It may shock you to learn that one of the earliest innovators in the field of computing (both for business and personal use) has roots going back much further than you may have suspected, indeed, IBM in its earliest incarnation was established in 1911 Charles Ranlett Flint who bought and merged 3 separate companies and the creations they were in charge of to create C-T-R (Computing Tabulating Recording company).
IBM began establishing itself as a leader in quite a few fields, mainly focusing on building large scale custom tabulating solutions for various corporations but it also produced commercial scales, cheese & meat slicing machines and punch card machines (used to track employee hours).
Through various methods which were considered revolutionary at the time, IBM managed to expand quite rapidly and by the early 1930’s had already opened offices in Europe, Australia, South America and Asia.
IBM continued to make advances into early computing solutions in the 1950’s and is often credited with the creation of multiple advances such as the first self-learning program, the IBM 704 which played checkers and managed to learn from past games and advance.
IBM also provided technical and computing support for most NASA space missions in the late 50’s and throughout the 60’s.
Perhaps the first great advancement in computing came in 1964 when IBM introduced the IBM System/360 which was the first was capable of handling various programs and applications as opposed to a specific computing system for each program/application, the impact on business was immense as it was a tremendous time and space saver and allowed businesses to advance its programs/applications without the need for a new system at every turn.
The second great leap in IBM’s history came in the early 1980’s with the introduction of the IBM PC or IBM 5150 which was its first encroachment into personal computers for the average home user as opposed to the large scale corporation, that computer rapidly became an industry and global standard.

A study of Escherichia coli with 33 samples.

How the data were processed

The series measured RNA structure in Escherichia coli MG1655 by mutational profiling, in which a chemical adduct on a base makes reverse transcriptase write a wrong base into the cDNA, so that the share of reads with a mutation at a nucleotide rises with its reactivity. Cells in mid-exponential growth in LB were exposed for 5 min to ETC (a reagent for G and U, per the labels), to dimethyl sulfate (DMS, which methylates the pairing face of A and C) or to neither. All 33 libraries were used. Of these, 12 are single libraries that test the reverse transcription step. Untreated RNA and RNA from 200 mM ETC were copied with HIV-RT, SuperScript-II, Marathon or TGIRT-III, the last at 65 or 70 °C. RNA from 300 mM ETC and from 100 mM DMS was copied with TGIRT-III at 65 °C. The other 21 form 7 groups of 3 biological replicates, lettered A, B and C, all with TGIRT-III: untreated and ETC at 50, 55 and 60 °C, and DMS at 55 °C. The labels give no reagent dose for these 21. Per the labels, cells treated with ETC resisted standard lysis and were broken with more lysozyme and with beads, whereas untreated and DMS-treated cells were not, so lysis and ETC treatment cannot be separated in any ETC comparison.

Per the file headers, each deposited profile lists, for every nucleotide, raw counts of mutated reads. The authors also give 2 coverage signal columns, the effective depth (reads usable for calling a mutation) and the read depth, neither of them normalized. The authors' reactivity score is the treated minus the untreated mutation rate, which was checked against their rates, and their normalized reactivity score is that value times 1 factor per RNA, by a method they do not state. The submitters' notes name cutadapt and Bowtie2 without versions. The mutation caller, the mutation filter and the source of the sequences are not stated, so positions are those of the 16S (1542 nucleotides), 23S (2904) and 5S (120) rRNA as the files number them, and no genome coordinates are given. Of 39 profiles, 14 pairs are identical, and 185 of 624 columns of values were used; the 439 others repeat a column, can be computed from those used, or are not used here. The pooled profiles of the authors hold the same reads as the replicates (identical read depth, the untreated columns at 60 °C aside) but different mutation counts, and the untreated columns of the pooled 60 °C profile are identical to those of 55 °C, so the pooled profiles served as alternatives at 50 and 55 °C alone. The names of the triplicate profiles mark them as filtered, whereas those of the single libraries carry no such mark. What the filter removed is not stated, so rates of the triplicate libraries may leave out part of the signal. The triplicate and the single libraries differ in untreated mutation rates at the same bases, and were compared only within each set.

While its worldwide fame and recognition came from personal computers and their applications in modern life IBM itself has been going through a return to its roots (of sorts) in the past few years, shifting more and more of its resources and energy towards corporate, national and global computing solutions, essentially selling off most of its subdivisions and subsidiaries geared towards individuals.
IBM now focuses mostly on research with 12 research labs located globally from Tokyo to Dublin and New York to Nairobi working on fields such as renewable energy, global traffic patterns and agricultural solutions and many other areas.
That new found focus has led IBM to a period of growth which enabled it to surpass Microsoft in market worth and prices.
When trading IBM binary options, there are the usual caveats one has to be aware of as with any other tech based company – earnings reports, purchases of new subsidiaries and selling off of subdivisions as well as technological advancements are all likely to have an impact on the trading of IBM binary options.
However, IBM’s size and focus on national and global projects necessitates the need for added attention to news coming out of those projects or areas/countries housing those projects, as the success or failure of massive projects can have a vast impact on IBM, one only needs to lock as far back as 1993, when the collapse of IBM’s control on the PC market caused it to post the biggest yearly loss ever (at the time) for any company – 8 billion dollars.
Keep your eyes open, your ears to the ground and you may yet need use of IBM’s advanced artificial intelligence system – Watson to figure out possible uses for your money.